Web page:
Over the past few weeks, seasonal respiratory illnesses such as Respiratory Syncytial Virus (RSV), influenza and colds have made an early return to the region, along with the continued COVID-19 pandemic. Eastern Ontario Health Unit (EOHU) Medical Officer of Health Dr. Paul Roumeliotis has offered expert explanation and instructions on the situation.

The situation has led to an alarming number of hospitalizations, and local hospitals are at 100 per cent capacity. Pediatric Intensive Care Units in the area are also overwhelmed, especially with young children under five years old with severe cases of RSV and the flu.

According to Roumeliotis, half of the hospitalizations for children are due to the flu, and the other half are due to RSV.

“COVID is not overwhelming our health care system,” Roumeliotis said.

However, the combination of it and the other respiratory viruses is placing pressure on the system. Roumeliotis said there is currently low to moderate COVID-19 activity in the region – showing itself in a series of ripples in cases, rather than the waves which characterized the first year of the pandemic.

RSV is the virus which causes the common cold. Usually, it and the flu make their debut during the Christmas season. However, they showed up early this year, in late October.

Hopeful situation will improve

Roumeliotis is hopeful the situation will begin to improve. He explained how the respiratory virus situation in Australia worsened earlier than usual before subsiding. Australia is used as a precedent because its winter season occurs when it is summer in Canada. Unlike adults with RSV, who usually just get a cold, children with RSV often develop other serious symptoms, such a bronchiolitis and serious difficulty breathing.

“Most of the cases we’re seeing are children,” Roumeliotis said.

He added the increase in hospital emergency visits is compounding the already difficult situation facing hospitals which do not have enough physicians and nurses to meet staffing needs.

The respiratory virus situation has led Roumeliotis to issue a series of requests to the public to reduce the spread of respiratory illnesses and protect the most vulnerable members of the population – most often children and the elderly – and to reduce the burden on hospitals. One is to wear a mask when out in public, or if you have respiratory virus symptoms.

“It’s not just for COVID,” Roumeliotis said.

Viruses have no boundaries

The request to wear a mask is not an official mandate, like those issued during the worst of COVID-19 in 2020 and 2021. Roumeliotis said if the current combination of respiratory illnesses threatened the health care system with collapse, then a mask mandate would be issued. He said such a mandate would likely be issued for across the province of Ontario, rather than just the EOHU’s territory.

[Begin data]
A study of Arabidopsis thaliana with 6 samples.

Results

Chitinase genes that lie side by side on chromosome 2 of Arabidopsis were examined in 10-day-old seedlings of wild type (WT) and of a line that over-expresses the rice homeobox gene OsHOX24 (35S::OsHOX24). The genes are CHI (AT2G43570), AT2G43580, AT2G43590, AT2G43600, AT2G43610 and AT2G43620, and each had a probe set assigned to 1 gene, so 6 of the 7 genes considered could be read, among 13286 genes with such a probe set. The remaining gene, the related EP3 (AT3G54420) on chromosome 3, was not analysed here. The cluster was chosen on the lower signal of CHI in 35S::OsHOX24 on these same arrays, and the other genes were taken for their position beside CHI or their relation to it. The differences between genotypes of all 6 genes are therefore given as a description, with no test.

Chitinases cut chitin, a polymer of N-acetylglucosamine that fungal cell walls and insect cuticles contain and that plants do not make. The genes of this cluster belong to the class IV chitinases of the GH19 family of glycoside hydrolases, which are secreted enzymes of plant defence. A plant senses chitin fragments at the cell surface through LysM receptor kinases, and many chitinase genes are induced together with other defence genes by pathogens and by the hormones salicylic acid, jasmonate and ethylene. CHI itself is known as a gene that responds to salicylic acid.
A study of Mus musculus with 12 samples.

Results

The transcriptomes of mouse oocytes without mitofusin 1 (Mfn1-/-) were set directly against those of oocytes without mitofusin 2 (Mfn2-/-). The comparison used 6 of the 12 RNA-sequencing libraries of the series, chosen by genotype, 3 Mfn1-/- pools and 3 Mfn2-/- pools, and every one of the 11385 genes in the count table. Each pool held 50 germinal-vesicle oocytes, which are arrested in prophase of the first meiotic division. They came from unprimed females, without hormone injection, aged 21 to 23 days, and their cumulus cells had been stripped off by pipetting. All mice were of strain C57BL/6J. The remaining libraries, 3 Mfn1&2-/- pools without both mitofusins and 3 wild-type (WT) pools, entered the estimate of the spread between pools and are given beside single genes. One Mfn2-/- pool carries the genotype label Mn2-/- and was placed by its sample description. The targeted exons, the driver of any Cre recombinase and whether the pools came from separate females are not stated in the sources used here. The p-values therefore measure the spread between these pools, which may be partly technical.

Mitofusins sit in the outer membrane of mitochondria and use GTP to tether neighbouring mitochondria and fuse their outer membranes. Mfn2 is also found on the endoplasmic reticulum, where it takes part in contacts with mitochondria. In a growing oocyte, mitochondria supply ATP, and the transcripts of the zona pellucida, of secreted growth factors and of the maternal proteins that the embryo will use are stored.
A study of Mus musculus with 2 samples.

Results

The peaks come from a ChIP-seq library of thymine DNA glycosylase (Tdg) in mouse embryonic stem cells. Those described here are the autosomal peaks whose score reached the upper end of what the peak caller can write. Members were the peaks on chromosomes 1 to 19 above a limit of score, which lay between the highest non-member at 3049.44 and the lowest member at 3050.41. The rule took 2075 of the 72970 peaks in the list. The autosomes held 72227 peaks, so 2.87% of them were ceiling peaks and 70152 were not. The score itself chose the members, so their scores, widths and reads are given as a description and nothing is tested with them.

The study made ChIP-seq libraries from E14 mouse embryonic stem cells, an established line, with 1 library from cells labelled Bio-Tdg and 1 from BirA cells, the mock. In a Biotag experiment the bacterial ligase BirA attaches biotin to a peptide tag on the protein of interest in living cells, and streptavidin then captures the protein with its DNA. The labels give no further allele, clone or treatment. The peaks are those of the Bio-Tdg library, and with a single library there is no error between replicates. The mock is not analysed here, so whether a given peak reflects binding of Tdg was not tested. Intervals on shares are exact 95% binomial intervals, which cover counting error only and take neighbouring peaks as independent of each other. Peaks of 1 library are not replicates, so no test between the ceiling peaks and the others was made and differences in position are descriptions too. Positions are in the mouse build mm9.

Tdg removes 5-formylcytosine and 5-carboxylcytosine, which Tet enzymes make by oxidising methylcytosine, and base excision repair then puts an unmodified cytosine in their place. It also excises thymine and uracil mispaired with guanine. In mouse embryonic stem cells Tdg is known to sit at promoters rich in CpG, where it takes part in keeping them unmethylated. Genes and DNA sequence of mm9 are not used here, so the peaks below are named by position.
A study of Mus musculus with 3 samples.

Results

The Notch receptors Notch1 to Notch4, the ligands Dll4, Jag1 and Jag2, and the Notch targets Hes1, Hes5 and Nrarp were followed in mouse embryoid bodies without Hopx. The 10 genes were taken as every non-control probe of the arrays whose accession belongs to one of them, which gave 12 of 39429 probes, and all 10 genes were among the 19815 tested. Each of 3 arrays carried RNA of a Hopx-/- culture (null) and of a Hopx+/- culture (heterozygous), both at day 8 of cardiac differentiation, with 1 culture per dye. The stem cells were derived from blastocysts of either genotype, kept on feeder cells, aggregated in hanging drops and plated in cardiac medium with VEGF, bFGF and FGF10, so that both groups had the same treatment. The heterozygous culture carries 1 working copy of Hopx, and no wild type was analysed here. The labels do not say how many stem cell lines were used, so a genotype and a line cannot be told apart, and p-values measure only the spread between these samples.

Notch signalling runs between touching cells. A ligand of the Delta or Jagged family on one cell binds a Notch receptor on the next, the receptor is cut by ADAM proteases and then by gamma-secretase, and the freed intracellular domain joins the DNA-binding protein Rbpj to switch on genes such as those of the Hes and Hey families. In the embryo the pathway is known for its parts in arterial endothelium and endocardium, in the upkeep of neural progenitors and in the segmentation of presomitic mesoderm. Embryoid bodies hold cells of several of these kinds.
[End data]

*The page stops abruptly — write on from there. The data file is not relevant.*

“Viruses have no boundaries,” Roumeliotis commented.

Other ways to prevent the spread of respiratory viruses include washing your hands frequently and correctly, or using hand sanitizer when soap and water are not available, disinfecting surfaces often, and screening yourself daily, especially before attending work, childcare or school.

Getting a seasonal flu shot and staying up to date on COVID-19 vaccinations reduces the severity of respiratory illness, and both are available to every Ontario resident aged six months and older.

Vaccinations rates low in EOHU region

Roumeliotis said fewer residents are taking advantage of the available vaccinations.

“We’re low on vaccines (rates) for flu. We’re low on boosters for COVID,” he said.

The rates for COVID-19 boosters are lowest among younger adults. Using the most recent statistics, Roumeliotis said less than 50 per cent of EOHU residents under age 40 have received a third COVID-19 booster. A total of 43 per cent of residents under age 30 have received the third booster, and 33 per cent of those aged 18 to 29 have had the third booster.

Roumeliotis acknowledged many people have become tired of the pandemic after nearly three years, or they think it is over, or have been influenced by disinformation about it.

As additional advice, keeping children, and babies especially, away from crowds, will also help minimize the risk of infection. Most importantly, anyone feeling sick, should stay home. Minor symptoms for one person could result in severe illness or hospitalization for someone more vulnerable.

Shortage of children’s medication

Fever reduction medications for children, such as Tylenol (acetaminophen), have been in short supply lately in Canada. Health Canada and retail pharmacies are addressing the situation. Roumeliotis emphasized how medications such as Tylenol only treat the symptoms, and not the virus.

“It’s just to make the child more comfortable and bring the fever down,” he noted.

A fever is a normal part of a virus, Roumeliotis said. However, if an infant aged under three months has a fever, or a child has a fever for more than three or four days, medical attention should be sought.

“You have to look at the combination of signs,” Roumeliotis remarked.

Pharmacists are able to compound adult fever medications into smaller doses for children. Roumeliotis said other alternatives are available, such as giving the child a lukewarm bath, or dressing them in lighter clothing.

For adults, treatments for severe illness from COVID-19 (Paxlovid) or the flu (Tamiflu) are available if they are at risk of severe illness.

Roumeliotis is looking to businesses, agencies, and organizations in our community to show leadership and take the appropriate actions to reduce the spread of respiratory illnesses.